VIENNA (Reuters) - Six rights groups urged the United Nations anti-drugs agency on Wednesday to stop funding counter-narcotics police operations in Iran until Tehran ends the death penalty for such offences.
The United Nations Office on Drugs and Crime (UNODC) confirmed it had received a letter from the groups, including U.S.-based Human Rights Watch, but had no comment on it.
Because of a large number of executions, some countries, including Britain and Denmark, have in recent years stopped providing funding for UNODC drug control programs in Iran.
Iran shares a long border with Afghanistan, which supplies about 90 percent of the world's opium, from which heroin is made. Tehran, which rejects Western criticism of its human rights record, says it has lost many security personnel in skirmishes with drug traffickers in border regions.
In March, UNODC chief Yury Fedotov praised Iran's fight against narcotics trafficking, noting it had seized 388 tonnes of opium in 2012, some 72 percent of all such seizures globally. But he said the Vienna-based agency opposed the death penalty and he planned to raise the issue with Iran.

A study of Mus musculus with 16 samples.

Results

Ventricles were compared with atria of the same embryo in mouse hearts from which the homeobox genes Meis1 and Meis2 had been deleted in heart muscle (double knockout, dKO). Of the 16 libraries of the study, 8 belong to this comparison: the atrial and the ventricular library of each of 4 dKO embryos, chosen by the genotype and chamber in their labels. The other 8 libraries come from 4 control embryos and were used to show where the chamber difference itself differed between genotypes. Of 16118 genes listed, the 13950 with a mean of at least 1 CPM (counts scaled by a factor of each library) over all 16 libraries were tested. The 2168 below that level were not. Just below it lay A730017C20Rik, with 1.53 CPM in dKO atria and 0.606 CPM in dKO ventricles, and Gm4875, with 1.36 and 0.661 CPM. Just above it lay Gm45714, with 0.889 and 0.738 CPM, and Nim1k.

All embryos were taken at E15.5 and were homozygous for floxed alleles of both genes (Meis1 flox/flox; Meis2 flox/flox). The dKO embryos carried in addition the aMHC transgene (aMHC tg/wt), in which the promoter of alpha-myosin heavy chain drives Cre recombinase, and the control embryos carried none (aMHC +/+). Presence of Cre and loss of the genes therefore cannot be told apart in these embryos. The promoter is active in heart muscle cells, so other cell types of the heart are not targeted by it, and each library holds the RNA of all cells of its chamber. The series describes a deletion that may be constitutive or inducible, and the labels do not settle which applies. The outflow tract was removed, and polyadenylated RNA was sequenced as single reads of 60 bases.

In Monday's statement, the six rights groups said 18 alleged traffickers were hanged on Dec. 3, bringing the number of drug offenders executed in Iran to at least 318 this year.
UNODC "should follow its own human rights guidance and impose a temporary freeze or withdrawal of support if ... executions for drug-related offences continue," they said.
They said UNODC had given more than $15 million since around 1998 to "supply control" operations by Iran's anti-narcotics police, including training and equipment such as body scanners and night vision goggles as well as drug detection dogs.
"This is the funding that primarily goes to Iranian security forces and leads to arrests of alleged drug traffickers and, in many cases, their eventual execution," Faraz Sanei of Human Rights Watch said in an email.
"We generally don't have a problem with demand-side drug funding programs that do not raise rights concerns and have been effective, such as harm reduction schemes like HIV-prevention, or rehabilitation and treatment of drug users," he added.
The other groups behind the letter to UNODC were Reprieve, Iran Human Rights, the World Coalition Against the Death Penalty, Harm Reduction International and the Abdorrahman Boroumand Foundation.